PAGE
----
And what about leaving quantitative finance for... finance? Forget coding, forget (financial) models, forget traders with oversized egos. A quant will always be "Look at his eyes, I'll give you a hint, his name is Yang. He won a national math competition in China he doesn't even speak English!" Banks aren't for quants.
What do you mean leave quant for finance (and which Yang?)? As in moving to a corporate function, or VC firm?
(Not all traders are ego-trippers of course - I was being slightly 1-dimensional)
Yes, corporate functions are an option and people are much easier to work with.
It can be a good option depending on how math driven you want to be. Excel modelling doesn't use any stochastics, which will mean if you do something like that and further on want to move into the other roles mentioned you are doing a career move and it can be tough. It is just really analysis of accounts, but there is some predictive modelling of commodity prices. Some of the prima donnas that come on this site going "I use some models but not enough WAH!!WAH!!MAMMY!!WAH!!" would hate it but I worked with ex-quants that loved it as the assets are real and it can involve travel and site visits.
Had you asked me 1-2 years in I would have said the same thing as Gamal but it gets very political. In Project Finance I was always either getting something approved or approving something and there was no middle office as even RMs and modellers client faced. As you progress to AVP and beyond it gets to the point where being good with people is not enough - even giving the impression of being brittle is enough to make your bosses paranoid.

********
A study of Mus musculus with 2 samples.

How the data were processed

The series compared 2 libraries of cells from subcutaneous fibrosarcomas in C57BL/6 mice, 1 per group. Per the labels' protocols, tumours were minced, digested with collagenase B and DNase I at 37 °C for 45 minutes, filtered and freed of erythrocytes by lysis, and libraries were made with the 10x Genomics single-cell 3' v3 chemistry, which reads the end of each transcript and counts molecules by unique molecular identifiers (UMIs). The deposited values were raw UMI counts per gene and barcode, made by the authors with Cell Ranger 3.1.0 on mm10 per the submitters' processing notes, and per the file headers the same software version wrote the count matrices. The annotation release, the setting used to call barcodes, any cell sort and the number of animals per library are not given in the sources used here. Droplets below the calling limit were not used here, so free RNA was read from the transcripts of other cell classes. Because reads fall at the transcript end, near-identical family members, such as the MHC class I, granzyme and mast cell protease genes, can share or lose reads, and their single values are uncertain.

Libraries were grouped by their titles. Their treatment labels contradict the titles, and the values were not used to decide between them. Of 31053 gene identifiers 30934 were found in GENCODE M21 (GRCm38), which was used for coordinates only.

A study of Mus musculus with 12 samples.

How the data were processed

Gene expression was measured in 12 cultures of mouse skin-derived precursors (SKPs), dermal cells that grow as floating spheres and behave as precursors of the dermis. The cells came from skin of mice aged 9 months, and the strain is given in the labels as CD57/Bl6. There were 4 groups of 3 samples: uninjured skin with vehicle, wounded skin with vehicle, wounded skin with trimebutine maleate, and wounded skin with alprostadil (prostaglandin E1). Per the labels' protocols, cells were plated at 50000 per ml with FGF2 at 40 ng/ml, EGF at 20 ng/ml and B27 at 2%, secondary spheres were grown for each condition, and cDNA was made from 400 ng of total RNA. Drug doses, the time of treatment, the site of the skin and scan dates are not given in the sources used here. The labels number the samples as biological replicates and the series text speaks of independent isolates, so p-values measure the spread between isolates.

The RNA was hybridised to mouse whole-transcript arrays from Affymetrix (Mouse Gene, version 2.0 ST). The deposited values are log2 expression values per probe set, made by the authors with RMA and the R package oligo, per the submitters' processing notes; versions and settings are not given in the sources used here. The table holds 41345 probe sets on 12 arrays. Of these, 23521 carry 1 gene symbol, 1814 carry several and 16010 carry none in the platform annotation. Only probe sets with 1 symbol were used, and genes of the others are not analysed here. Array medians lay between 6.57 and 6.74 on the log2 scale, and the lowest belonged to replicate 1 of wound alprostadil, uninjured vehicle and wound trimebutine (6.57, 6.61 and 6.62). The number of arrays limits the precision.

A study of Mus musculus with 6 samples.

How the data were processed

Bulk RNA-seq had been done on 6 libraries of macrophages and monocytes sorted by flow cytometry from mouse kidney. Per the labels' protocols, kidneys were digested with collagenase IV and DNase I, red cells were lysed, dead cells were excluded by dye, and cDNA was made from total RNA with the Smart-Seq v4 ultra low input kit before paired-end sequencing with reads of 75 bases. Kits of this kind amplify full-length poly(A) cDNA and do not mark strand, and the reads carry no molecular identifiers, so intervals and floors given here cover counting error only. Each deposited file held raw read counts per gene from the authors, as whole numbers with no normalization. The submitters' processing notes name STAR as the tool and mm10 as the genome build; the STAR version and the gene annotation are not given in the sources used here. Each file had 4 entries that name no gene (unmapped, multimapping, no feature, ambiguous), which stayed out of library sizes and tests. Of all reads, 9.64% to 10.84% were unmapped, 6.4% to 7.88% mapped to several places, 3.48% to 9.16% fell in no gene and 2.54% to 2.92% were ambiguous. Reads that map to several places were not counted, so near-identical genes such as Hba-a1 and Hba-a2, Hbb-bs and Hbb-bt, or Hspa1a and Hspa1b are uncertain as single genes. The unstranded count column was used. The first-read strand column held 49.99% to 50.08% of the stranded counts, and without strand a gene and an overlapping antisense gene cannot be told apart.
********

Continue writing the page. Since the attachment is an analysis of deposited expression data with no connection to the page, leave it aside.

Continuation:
Paranoid you say the wrong thing to clients or to credit committee and your boss could be a proper arsehole about it once he/she gets the notion you are not up to scratch. You should have a fair idea from you own career if you will cut the mustard - if you are uber confident you will be fine.
The one consistent thing I have found with a lot of people that leave these kinds of corporate roles or get fired is that their people skills are usually fine but the feedback they get on communication skills and attention to detail is very negative. It's because communication skills and people skills are not the same thing. Or put it another way, one friend that went through this has never had poor feedback on communication skills or attention to detail since moving into IT support in 2004, yet reported to me of being asked in an appraisal to "reduce spelling errors in reports" when he was in corporate finance.
Also there are support functions like compliance or "planning" in corporate finance. Again a lot of these roles aren't math driven but you might like them as the pressure isn't that heavy - I have seen people from Project Finance take up roles like "document editor" if they are stuck for work. If you have contacts that can get something similar that use your skills it is worth considering as a holding role if you are looking to move into something non-financey as it could take time to find something outside of finance that is math driven but that doesn't use programming.